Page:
From the opening salvo that included a “The Shining”-esque vibe to the closing moments of EP. 1 of Syfy’s “Nightflyers,” this new sci-fi drama delivered a tense vibe that I have to admit got me hooked pretty quickly.
Based on a novella from the pen of George R.R.Martin, “Nightflyers” got its season off to quite an interesting start, giving us the end game in the first few minutes, then taking us back to how it all began to unfold. It was quite a story.
The start was intensely satisfying an axe-wielding crew member hunts a scientist as debris and rubble rush past the good spacecraft Nightflyer. There’s panic, fear and an air of desperate inevitability as she manages to stave off her wide-eyed attacker, and dispose of unknown materials, and send off a signal that she makes clear is not a call for help, but a warning – don’t bring the Nightflyer back to earth. Obviously, the mission has been comprised by someone or something — human or alien — we don’t know yet.
And that’s just the opener. From there we are hurled back in time six months to a sci-fi trope we’re well acquainted with — an earth on the brink of starvation, stagnation and eventual destruction. And to fix it, the plan to take the Nightflyer to the stars and attempt first contact with an alien race our group of scientists and soldiers call the “Vulcrom (Sp?).”
And that’s where our story of the future begins — in the year 2093 — as we meet the diverse group of scientists, soldiers and flyers that make up the the good ship Nightflyer as it attempts to intercept an unknown race and, hopefully, acquire technology that will allow for a successful resuscitation of Earth and its people. In the sci-fi realm, we’ve seen this kind of storyline before in various forms, and it’s one that allows for plenty of adventure.
Karl D’Branin, an astrophysicist is the leader of this expedition, hoping to find a new way forward for humanity on Earth in the vastness of space. Around him is an array of interesting folk all involved for their own reasons — some selfless, some cynical, some we’re just not sure of yet. Jodie Turner-Smith as Melantha Jhirl, who feels like she’s going to be a key cog in all this since she’s been genetically modified specifically to work in space.
Then there’s Thale, a telepath with powers that seem to be more than his L1 designation would suggest. (I admit to a Babylon 5 flashback here. Wonder if an L1 is equal to a P10?).
Angus Sampson plays Rowan a xenobiologist with a skeptics mindset inside a curious shell. He offers perhaps one of the more interesting points when he talks about making first contact and that the humans, once they bump up against a far superior alien race, might be considered a virus that’s simply killing its world. Gretchan Mol stars as Agatha, a psychologist entrusted with keeping Thale in check. It also appears she and D’Branin have a little history. Again, trust issues seem likely to ensue.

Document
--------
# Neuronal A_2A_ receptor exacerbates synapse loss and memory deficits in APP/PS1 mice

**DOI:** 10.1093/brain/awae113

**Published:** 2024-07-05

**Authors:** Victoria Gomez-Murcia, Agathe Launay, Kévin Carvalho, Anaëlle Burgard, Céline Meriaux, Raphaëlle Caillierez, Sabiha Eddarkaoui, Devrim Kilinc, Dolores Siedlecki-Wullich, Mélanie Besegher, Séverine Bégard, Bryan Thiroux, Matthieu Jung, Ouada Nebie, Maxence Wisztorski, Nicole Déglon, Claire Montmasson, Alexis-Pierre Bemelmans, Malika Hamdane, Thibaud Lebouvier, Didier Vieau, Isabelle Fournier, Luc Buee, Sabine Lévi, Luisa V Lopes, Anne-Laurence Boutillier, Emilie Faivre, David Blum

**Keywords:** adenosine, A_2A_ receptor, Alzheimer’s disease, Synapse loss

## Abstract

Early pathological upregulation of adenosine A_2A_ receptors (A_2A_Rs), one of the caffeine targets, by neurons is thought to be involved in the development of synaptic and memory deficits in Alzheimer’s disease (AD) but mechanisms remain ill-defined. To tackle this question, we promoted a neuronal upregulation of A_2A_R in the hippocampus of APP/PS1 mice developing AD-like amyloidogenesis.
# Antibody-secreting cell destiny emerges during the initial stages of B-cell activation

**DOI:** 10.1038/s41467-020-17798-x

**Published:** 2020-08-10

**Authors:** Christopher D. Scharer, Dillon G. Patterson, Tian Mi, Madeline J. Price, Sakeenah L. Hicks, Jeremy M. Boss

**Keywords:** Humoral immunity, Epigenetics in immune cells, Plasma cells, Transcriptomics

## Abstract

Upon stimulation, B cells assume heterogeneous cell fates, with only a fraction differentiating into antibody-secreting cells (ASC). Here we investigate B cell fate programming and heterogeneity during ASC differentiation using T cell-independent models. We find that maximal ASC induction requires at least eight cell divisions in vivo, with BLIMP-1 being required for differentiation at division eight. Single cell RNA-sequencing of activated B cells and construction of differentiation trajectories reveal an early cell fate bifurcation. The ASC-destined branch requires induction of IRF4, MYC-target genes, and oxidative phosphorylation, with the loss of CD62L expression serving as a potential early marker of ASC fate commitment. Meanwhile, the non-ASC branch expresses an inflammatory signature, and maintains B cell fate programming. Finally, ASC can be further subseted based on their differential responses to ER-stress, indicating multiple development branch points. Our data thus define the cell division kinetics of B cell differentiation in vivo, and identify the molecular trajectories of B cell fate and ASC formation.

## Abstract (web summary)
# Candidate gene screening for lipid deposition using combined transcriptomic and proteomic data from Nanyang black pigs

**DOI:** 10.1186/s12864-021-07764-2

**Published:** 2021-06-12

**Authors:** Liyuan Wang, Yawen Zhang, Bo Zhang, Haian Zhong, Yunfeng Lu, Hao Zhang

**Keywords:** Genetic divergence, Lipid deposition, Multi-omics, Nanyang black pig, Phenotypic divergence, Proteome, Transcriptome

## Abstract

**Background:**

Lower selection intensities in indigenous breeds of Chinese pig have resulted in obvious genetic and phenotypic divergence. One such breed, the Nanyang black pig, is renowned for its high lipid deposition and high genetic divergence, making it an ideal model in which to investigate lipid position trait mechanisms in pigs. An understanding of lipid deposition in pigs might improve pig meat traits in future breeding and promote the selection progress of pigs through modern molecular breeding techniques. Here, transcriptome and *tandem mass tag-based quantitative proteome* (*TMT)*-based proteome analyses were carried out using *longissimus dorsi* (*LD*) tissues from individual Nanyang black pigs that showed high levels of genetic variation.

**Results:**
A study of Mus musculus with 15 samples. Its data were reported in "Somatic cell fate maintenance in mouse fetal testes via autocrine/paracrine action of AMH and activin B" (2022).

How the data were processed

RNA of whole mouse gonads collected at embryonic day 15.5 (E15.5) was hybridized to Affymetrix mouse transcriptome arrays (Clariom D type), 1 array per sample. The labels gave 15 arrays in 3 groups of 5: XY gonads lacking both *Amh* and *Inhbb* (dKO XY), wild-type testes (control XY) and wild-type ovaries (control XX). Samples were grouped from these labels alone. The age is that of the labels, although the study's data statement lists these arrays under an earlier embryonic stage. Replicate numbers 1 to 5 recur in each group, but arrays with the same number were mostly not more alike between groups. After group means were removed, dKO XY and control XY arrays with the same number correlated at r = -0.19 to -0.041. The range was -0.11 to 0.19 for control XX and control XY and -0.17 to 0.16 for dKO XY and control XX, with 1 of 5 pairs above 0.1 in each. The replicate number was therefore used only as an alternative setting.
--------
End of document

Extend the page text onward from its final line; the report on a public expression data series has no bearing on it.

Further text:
And hovering over all of this is Roy Eris, captain of the Nightflyer and so far just a holographic projection. There’s still plenty of mystery to Captain Roy as we don’t know if there’s a physical Roy somewhere in the ship and the projection is his preferred way of communicating with everyone.
One thing’s for certain, Roy has a certain Hal-like vibe to him as his integration into the ship’s system allows him to “watch” and “listen” to all that’s going on. It’s effective on one front, but creepy on the other.
With just the opening episode out and the next four to come in the next four days, “Nightflyers” will deliver a rapid-fire response to those who want more, and I count myself among those right now. Right out of the box I”m intrigued with Roy Eris and Thale. Eris is a confident, calculating, yet empathetic figure and it’s easy to forget that he’s (thus far) simply a projection. David Ajala delivers a nice turn as our mystery captain, one that, judging by the first episode, will have some twists and turns along the way.
Thale the telepath is another intriguing character early on. Sam Strike plays the character with equal parts malice, sadness and wonder at the things he’s seeing and feeling for the first time mixed with a natural suspicion and malice towards a crew and that is fearful of him, and the officers and scientists who essentially want to use him as a conduit between themselves and the aliens.
Every time he’s on the screen I kind of lean forward curious how each situation will be resolved and just how dangerous, crazy or manipulative he truly is.
Obviously, there’s a ton to explore here, but the initial episode really gave us a lot to think about right out of the box. From the first misfiring thrust of the Nightflyer as it tried to break Earth’s orbit to the myriad of malfunctions and issues that arrived in the first episode, it’s clear that the path to those first few moments we witnessed in the season premiere will not be smooth. There’s a lot going on aboard the Nightflyer and plenty of suspicion and mistrust already building up.
Humanity is on a destructive course and the best hope (at least in the minds of some) is off to a very rocky start. It’s obvious not everyone is “on board” with this mission and the various other members of the crew we’ve met make you wonder if this mission is doomed from the outset. Of course, thanks to the opening minutes, we know where this is all headed. How we get there promises to be intriguing. I was caught in the web of Ep. 1 and am on board for the next four. The pieces are in place, let’s see how they are played moving forward.